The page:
They are the women of Primrose Creek, and their strength and passion is a match for the Nevada frontier they call home. Linda Lael Miller masterfully captures the hardships and dangers of a country swept by the winds of war -- and the daring and determination, the hopes and dreams of four unforgettable women -- in a thrilling new series.
An elegant jewel from an English finishing school, Christy McQuarry was bound to turn heads when she and her younger sister, Megan, came to settle in Primrose Creek. Town marshall Zachary Shaw knows that Christy sees what few men in the rugged pioneer town can provide: a secure future and a comfortable home. But he is not immune to Christy's charms....
A wild attraction sparks between the lady and the marshal, but Christy -- left penniless after her mother's death -- cannot afford the distraction of such an unpredictable and reckless passion. Promising her hand to the local lumber baron, lovely Christy stubbornly tries to ignore the lawman who makes her heart pound wildly at every glance. But Zachary Shaw is just as determined -- to win her love for a lifetime.
Fort Grant, Nevada
With no small amount of trepidation, Christy McQuarry peered through the late Mrs. Royd's limp lace curtains, assessing the man sent to fetch them home to Primrose Creek. It had been alarming enough, during the long, dull winter passed at Fort Grant, to consider putting herself, Caney, and especially Megan, her younger sister, in the charge of some mere passerby for the remainder of the journey. A grizzled old prospector, for example, or one of the seedy-looking scouts who came and went on occasion, foul-smelling and full of horrendous tales involving Indians and outlaws. For some indefinable reason, she found this particular man, fair-haired and blue-eyed, insolently handsome in his ordinary but obviously clean clothes and well-worn hat, almost equally disturbing. He rode a splendid cocoa-brown stallion with a pale mane and tail, and a .45 caliber pistol rested low and easy on his left hip, seemingly as much a part of him as a finger or a foot.
"I don't like him," she confided to Caney Blue, the tall and angular black woman who had worked on the McQuarry farm, back in Virginia, for as long as Christy's memory reached. Which, since she was nearly twenty, was a considerable distance. "He's too handsome. Too sure of himself."
Caney was smiling her broad and luminous smile, watching as the man dismounted and offered a hand and a grin to the aging army officer who had gone out to greet him. "That so?" she said, her dark eyes following the man as he spoke with the colonel in the street just beyond the window of the modest parlor. There was precisely one house at Fort Grant, if indeed such a rustic structure could be described as a house, and it belonged to the recently widowed commander of the installation, Colonel Webley Royd, who had kindly given the place over to the women upon their arrival the previous October with the first flurries of snow. "Well, I think he's right purty. And I like a man who thinks well of himself."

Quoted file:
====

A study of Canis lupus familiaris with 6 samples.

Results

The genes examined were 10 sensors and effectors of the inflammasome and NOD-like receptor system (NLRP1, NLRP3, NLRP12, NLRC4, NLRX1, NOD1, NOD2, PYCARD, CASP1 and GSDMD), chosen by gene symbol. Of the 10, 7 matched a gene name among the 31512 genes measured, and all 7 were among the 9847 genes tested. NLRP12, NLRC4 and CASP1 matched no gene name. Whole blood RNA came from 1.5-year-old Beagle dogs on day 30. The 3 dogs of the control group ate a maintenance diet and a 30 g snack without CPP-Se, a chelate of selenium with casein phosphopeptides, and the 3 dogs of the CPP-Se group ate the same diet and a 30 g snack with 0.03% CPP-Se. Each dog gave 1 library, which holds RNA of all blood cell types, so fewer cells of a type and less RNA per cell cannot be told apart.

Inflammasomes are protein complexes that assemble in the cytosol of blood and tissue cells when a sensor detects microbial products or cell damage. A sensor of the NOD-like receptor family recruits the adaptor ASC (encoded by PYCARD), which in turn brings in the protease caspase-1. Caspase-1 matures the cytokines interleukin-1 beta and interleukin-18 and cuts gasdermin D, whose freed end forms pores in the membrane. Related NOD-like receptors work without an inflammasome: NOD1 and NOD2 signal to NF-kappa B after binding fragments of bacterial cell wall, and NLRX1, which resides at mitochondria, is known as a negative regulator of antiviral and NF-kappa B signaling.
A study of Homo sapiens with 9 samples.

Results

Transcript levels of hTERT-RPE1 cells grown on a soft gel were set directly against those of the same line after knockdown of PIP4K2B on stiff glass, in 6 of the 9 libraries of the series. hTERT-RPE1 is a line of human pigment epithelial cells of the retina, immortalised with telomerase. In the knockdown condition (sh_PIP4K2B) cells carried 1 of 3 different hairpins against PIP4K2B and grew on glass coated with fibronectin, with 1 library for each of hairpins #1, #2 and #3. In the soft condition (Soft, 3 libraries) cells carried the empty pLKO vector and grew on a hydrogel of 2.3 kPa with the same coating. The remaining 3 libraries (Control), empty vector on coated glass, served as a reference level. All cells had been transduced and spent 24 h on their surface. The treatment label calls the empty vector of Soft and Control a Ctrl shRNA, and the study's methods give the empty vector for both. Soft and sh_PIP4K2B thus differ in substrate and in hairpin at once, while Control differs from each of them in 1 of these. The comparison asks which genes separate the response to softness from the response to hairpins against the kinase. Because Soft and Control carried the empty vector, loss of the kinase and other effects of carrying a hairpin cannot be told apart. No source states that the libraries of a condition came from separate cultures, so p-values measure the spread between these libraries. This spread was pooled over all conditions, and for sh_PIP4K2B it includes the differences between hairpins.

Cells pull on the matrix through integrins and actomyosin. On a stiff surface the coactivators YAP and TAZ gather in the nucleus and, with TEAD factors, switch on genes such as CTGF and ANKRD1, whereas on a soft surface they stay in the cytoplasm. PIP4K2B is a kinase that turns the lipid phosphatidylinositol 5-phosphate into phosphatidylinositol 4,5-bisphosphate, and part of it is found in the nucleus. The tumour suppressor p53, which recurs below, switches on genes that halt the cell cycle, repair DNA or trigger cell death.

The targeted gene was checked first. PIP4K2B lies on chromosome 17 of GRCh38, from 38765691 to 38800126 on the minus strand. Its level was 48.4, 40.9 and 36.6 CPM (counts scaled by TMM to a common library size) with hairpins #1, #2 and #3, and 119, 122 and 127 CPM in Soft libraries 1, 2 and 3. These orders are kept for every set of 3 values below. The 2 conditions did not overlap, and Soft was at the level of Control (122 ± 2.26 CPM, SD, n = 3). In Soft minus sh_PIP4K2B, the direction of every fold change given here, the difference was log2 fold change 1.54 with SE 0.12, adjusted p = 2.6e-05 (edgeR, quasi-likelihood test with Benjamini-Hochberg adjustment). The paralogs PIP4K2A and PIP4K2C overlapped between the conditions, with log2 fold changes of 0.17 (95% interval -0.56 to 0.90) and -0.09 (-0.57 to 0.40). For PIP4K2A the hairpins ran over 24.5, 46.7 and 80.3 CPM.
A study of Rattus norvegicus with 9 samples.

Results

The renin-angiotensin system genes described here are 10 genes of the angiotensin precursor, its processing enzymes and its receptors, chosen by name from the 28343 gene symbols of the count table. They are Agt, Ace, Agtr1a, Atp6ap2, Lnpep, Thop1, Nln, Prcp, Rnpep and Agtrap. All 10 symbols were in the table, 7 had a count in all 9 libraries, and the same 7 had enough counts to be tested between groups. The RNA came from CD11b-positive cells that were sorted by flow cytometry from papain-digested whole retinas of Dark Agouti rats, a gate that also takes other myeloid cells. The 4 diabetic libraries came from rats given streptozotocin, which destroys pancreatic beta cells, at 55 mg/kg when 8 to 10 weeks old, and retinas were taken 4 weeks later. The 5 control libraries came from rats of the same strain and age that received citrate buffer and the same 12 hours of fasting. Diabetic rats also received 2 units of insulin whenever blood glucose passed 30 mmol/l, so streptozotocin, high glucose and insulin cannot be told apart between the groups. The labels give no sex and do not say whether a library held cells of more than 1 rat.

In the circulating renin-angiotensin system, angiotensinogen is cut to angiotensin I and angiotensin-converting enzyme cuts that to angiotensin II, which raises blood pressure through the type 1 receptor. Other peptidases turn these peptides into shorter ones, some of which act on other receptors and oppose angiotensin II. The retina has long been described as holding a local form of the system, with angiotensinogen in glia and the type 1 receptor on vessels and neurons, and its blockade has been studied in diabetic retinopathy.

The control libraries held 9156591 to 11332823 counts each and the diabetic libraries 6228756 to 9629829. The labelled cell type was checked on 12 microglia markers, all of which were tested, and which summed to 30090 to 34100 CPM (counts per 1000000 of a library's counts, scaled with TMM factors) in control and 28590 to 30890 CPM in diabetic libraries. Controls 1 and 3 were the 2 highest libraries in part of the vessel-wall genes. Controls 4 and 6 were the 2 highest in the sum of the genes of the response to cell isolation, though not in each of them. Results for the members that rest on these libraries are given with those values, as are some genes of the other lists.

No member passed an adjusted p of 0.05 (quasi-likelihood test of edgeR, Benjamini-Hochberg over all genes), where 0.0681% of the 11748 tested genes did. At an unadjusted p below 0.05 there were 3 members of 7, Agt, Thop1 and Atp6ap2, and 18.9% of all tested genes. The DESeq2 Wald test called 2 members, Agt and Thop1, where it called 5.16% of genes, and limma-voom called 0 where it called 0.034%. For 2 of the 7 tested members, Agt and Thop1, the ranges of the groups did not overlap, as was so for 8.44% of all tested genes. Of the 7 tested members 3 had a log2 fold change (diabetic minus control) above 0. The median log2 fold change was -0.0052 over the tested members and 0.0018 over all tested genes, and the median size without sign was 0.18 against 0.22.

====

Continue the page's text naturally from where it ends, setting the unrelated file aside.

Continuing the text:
A star-shaped badge glinted on the front of the visitor's shirt, and Christy clamped her back teeth together for a moment, without quite knowing why a stranger should affect her so. She might have been struck by a runaway freight car, so great and so confounding was the impact of merely seeing him. What would it be like to actually meet him? To travel in his company?
"Colonel Royd told me his name is Zachary Shaw," Megan put in eagerly, from her post on the other side of the window. Being just sixteen, she could not be expected, Christy supposed, to exhibit any real degree of good judgment. She had a headful of dreams, Megan did, and at the same time one of the finest minds Christy had ever encountered. She meant to see that her sister didn't waste that gift by settling for a house and a husband and a half dozen babies, which she feared Megan was wont to do. "He's a U.S. Marshal."
He's trouble, Christy thought to herself. At just that moment, as if to confirm this opinion, Marshal Zachary Shaw seemed to sense her perusal; his gaze met and captured hers through the gauzy veil of lace. Held it fast.
Infuriated, and stirred in a way that was not entirely proper, Christy glared at him, in hopes of hiding the fact that she could not look away until he chose to release her.